Kauai High students get dose of financial reality

LIHUE — Don’t let your wife buy yarn is the advice offered by Dade Andrews, a Kauai High School senior Monday morning.

Andrews had just drawn a $50 liability against his spendable income on the Reality Wheel because his wife took up knitting.

“She makes more money than I do,” Andrews said. “Why can’t she buy her own yarn or pay for the class?”

Tehani Bernhardt of Kauai Community Federal Credit Union said there are things in life which are unexpected — like having a baby.

“There needs to be adoption centers set up,” said Taegan Keep, another senior at Kauai High School. “I have two children. My husband works, I work two jobs, and we’re still not making it by about $150 a month.”

Marley Harrington, another Red Raider senior, sympathized with Keep’s predicament.

“She has to have a house,” Harrington said. “I can get by with a studio because it’s just me, my husband, a child, and my dog. But she has two kids and needs a house. Do you know how much more that is?”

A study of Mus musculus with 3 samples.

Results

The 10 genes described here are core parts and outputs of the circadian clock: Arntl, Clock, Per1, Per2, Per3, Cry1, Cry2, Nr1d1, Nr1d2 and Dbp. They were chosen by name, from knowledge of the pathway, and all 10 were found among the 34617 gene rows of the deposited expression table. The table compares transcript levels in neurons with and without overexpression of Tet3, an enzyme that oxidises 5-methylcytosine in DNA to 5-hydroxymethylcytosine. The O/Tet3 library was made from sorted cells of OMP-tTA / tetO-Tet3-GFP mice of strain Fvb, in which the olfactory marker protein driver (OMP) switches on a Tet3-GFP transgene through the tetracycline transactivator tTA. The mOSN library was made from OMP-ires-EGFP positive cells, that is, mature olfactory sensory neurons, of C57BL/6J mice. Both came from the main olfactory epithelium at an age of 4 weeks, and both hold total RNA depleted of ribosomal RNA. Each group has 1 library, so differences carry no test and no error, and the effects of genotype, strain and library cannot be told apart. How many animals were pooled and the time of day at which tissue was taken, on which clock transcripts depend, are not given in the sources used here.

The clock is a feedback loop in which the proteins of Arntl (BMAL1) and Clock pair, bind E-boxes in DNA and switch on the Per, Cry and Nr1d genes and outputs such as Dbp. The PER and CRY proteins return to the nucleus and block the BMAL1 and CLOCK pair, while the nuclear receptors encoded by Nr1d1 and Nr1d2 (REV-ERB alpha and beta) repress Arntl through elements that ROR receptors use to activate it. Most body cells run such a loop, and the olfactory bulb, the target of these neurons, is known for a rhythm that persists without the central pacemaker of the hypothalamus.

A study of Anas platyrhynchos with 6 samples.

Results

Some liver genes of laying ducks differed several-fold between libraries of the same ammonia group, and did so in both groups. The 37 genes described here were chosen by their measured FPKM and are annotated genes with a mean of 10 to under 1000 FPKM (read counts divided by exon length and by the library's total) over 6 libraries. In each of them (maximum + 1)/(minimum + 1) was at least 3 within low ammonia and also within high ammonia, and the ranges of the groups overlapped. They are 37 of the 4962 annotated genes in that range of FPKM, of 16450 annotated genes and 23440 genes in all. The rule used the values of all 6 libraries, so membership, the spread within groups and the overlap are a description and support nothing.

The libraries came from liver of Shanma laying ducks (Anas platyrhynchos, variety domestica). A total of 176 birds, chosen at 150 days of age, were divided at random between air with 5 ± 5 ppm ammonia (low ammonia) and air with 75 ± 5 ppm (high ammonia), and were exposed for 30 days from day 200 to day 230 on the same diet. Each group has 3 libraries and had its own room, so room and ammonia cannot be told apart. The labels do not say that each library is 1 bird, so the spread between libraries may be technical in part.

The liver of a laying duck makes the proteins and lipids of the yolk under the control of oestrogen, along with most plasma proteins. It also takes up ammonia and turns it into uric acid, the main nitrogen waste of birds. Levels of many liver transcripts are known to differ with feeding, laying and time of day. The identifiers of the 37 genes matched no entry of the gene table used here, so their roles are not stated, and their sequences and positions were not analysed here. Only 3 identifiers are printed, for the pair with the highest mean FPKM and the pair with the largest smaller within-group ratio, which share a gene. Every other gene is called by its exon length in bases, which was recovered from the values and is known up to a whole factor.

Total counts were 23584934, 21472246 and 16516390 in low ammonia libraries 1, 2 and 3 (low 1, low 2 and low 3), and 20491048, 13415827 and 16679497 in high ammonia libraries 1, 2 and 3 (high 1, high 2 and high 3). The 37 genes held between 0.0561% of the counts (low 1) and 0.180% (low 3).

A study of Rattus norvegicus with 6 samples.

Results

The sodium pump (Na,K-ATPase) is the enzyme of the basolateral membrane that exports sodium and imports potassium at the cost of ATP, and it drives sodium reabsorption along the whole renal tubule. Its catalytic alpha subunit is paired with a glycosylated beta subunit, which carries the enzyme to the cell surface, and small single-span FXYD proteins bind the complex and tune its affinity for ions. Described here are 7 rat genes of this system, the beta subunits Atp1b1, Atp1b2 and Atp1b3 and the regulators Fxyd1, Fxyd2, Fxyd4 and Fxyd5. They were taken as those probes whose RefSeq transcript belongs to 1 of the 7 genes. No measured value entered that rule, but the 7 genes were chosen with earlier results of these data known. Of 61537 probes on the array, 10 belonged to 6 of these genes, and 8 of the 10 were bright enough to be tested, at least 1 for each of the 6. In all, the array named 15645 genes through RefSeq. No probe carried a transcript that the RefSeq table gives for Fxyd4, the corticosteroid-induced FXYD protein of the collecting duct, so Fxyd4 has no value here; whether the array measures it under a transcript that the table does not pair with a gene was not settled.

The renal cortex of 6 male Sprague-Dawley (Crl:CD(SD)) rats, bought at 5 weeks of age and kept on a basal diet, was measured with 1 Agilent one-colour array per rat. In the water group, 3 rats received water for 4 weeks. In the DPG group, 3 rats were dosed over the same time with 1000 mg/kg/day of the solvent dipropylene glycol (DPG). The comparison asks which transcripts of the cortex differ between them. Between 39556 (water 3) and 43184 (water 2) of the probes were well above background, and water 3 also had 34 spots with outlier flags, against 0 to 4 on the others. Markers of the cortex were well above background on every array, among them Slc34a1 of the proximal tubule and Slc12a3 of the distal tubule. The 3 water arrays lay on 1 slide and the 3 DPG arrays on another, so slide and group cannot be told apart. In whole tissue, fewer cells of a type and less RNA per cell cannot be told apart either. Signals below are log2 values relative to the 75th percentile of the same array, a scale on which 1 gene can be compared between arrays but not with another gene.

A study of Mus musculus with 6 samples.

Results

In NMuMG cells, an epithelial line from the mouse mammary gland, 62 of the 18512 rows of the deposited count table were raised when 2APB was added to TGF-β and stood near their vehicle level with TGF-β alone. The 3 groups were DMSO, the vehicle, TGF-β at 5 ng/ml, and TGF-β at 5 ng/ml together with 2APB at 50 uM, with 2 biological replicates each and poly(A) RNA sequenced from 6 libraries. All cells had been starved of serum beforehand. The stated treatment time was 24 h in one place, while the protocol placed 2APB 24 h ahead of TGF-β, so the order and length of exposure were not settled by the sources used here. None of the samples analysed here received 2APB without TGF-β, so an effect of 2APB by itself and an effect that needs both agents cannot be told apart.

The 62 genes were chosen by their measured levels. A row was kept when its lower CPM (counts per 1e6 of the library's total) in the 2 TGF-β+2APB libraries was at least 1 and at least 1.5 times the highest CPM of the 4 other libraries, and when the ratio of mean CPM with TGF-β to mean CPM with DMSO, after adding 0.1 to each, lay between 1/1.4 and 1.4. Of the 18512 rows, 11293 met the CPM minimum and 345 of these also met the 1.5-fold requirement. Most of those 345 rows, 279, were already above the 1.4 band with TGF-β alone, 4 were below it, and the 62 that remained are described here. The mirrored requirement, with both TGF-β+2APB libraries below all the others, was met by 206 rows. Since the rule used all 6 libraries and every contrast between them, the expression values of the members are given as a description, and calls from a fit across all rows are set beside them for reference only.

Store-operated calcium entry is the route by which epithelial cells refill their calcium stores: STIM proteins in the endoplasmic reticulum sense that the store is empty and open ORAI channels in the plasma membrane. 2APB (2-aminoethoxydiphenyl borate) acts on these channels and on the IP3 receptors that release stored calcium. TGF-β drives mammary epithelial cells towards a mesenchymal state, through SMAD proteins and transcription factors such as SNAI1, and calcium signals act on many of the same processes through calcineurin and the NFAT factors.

KCFCU, in partnership with community organizations, hosted its reality fair geared toward learning financial literacy.

“I like it,” Keep said. “I’m learning a lot of things, like it’s expensive having kids, and it’s more expensive if they’re young.”

Greg Anderson, business instructor at Kauai High School and adviser for the student credit union hosted by KCFCU, said the virtual fair gives students an opportunity to look at life.

“They’re finding out things are expensive,” Anderson said. “They learn how to prioritize. I wish we had a program like this when I was in school. This is better than spending hours talking to students. As an example, health insurance is expensive, and there is not too much talk about that.”

Terri Kaniho, KCFCU marketing specialist, agreed.

“These reality fairs are super huge and have great impact for our schools, for our community,” Kaniho said. “It’s like events where you have to look at admission costs and what you’re going to be spending. Sometimes, it’s cheaper to just take the kids to the mall.”

Students are issued spendable income based on a profession they choose. They visit the different stations at the virtual fair and have to deal with expenses that chew away at the income pie.

On the other side of the wheel, Allan Bueno scored an additional $425 by selling his baseball card collection.